This is similar to a common technique applicable to potentiometers used as variable resistors, and I'm guessing that it is done for similar reasons. However, it probably isn't a good idea to implement as drawn.
Consider a potentiometer connected like so:
simulate this circuit – Schematic created using CircuitLab
Ideally, the connection between the wiper and the left end of the potentiometer would do nothing, since the portion of the potentiometer to the left of the wiper is shorted out at all times, and without that connection would be open circuit at all times.
In practice, a potentiometer may lose connection between the wiper and track momentarily as it is turned, or an extremely worn one have “dead” spots of no connection even when not being turned. Therefore, the extra connection ensures that the resistance between A and B is always no greater than the end-to-end resistance of the potentiometer. This is important if a too-high resistance or open circuit could damage the circuit (for example, if A is ground and B is connected to a voltage source would, by itself, raise point B to a voltage that would damage other components), and more generally means that the potentiometer's "output" cannot become "out of range" in the event of dead spots (unless the potentiometer's track/winding breaks entirely).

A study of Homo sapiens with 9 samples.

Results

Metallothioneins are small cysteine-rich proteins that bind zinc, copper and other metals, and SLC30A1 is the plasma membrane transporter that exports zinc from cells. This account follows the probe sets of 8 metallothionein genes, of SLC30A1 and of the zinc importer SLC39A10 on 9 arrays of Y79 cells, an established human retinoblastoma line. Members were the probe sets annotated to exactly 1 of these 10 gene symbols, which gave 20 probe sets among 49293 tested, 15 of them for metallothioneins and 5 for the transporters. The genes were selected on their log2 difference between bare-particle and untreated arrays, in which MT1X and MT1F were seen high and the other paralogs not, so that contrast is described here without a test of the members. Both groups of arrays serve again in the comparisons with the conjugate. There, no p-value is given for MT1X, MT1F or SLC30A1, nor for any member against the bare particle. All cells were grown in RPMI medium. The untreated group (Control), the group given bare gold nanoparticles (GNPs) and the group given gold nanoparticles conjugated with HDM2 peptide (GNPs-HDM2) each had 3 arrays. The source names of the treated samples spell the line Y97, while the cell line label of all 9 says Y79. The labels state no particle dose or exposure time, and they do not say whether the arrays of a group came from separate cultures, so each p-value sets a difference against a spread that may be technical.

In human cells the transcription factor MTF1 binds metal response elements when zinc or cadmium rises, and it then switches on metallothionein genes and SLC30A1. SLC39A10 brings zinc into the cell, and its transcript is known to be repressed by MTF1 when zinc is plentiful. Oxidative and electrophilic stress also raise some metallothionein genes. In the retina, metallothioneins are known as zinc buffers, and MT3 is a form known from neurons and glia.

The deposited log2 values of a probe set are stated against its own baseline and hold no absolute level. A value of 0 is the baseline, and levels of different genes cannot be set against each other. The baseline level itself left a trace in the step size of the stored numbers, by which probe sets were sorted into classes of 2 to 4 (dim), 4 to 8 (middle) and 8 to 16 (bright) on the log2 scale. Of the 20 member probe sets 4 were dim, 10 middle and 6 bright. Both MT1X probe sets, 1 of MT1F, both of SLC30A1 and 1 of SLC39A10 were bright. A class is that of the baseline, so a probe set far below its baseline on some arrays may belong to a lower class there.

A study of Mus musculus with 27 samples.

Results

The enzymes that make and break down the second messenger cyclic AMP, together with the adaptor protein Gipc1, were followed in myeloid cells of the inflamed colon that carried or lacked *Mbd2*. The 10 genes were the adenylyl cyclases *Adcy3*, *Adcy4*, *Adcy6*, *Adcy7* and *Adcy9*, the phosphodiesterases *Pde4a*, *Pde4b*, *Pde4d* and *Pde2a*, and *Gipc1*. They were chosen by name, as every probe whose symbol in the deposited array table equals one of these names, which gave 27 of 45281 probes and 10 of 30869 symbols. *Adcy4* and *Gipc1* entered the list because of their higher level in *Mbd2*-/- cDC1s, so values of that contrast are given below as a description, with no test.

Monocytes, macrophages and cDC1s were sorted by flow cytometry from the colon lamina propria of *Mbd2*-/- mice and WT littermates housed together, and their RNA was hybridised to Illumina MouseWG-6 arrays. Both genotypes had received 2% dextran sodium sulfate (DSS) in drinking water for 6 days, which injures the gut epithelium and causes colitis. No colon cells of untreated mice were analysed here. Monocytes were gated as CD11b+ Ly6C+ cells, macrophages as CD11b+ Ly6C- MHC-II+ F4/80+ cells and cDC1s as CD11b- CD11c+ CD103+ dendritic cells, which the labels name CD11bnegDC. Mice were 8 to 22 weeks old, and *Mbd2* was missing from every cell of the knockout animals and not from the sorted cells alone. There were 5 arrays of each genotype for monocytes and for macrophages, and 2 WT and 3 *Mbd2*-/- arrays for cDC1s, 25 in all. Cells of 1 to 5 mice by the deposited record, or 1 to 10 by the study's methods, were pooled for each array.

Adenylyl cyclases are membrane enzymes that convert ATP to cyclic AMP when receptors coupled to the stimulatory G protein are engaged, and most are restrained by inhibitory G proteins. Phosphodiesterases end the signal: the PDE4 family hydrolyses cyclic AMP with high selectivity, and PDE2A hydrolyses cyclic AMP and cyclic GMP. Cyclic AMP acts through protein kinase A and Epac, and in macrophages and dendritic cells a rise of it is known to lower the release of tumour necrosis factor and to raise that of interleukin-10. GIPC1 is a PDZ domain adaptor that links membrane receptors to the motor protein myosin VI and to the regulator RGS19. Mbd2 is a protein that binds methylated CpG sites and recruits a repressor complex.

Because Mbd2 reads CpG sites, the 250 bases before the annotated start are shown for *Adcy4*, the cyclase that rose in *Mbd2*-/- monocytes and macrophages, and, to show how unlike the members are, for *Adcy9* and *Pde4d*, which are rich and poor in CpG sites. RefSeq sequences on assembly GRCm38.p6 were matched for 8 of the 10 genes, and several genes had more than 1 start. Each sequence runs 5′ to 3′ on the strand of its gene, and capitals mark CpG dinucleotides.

In your case, you do not have a potentiometer but a switch — therefore, unless it is a make-before-break type (which might be a good choice anyway), it will always behave like the worn potentiometer, causing J1 to become open-circuit as you make the change. Thus, the extra connection ensures that the antenna is always connected to J1, regardless of what is done with the switch. It might present a poorly-matched load, but not a pure open circuit.
But, there's a catch — instead of shorting out portions of a resistor we're shorting out portions of an inductor. All turns of an inductor are coupled together (though more separated ones less so), so there are now shorted turns, which will waste power in eddy currents rather than radiating.
Therefore, the presented design with a tapped inductor is not a good idea. You could fix it by using separate inductors for each stage, arranged to minimize coupling between them (perpendicular axes, keeping them apart).
To address your broader question of what is the proper way to electrically wire in a loading coil to a vertical antenna — I don't have any personal recommendations, but I do think that the extra wire that you were puzzled by is plausibly a good idea. Whether it's worth the complications of implementation, I can't say.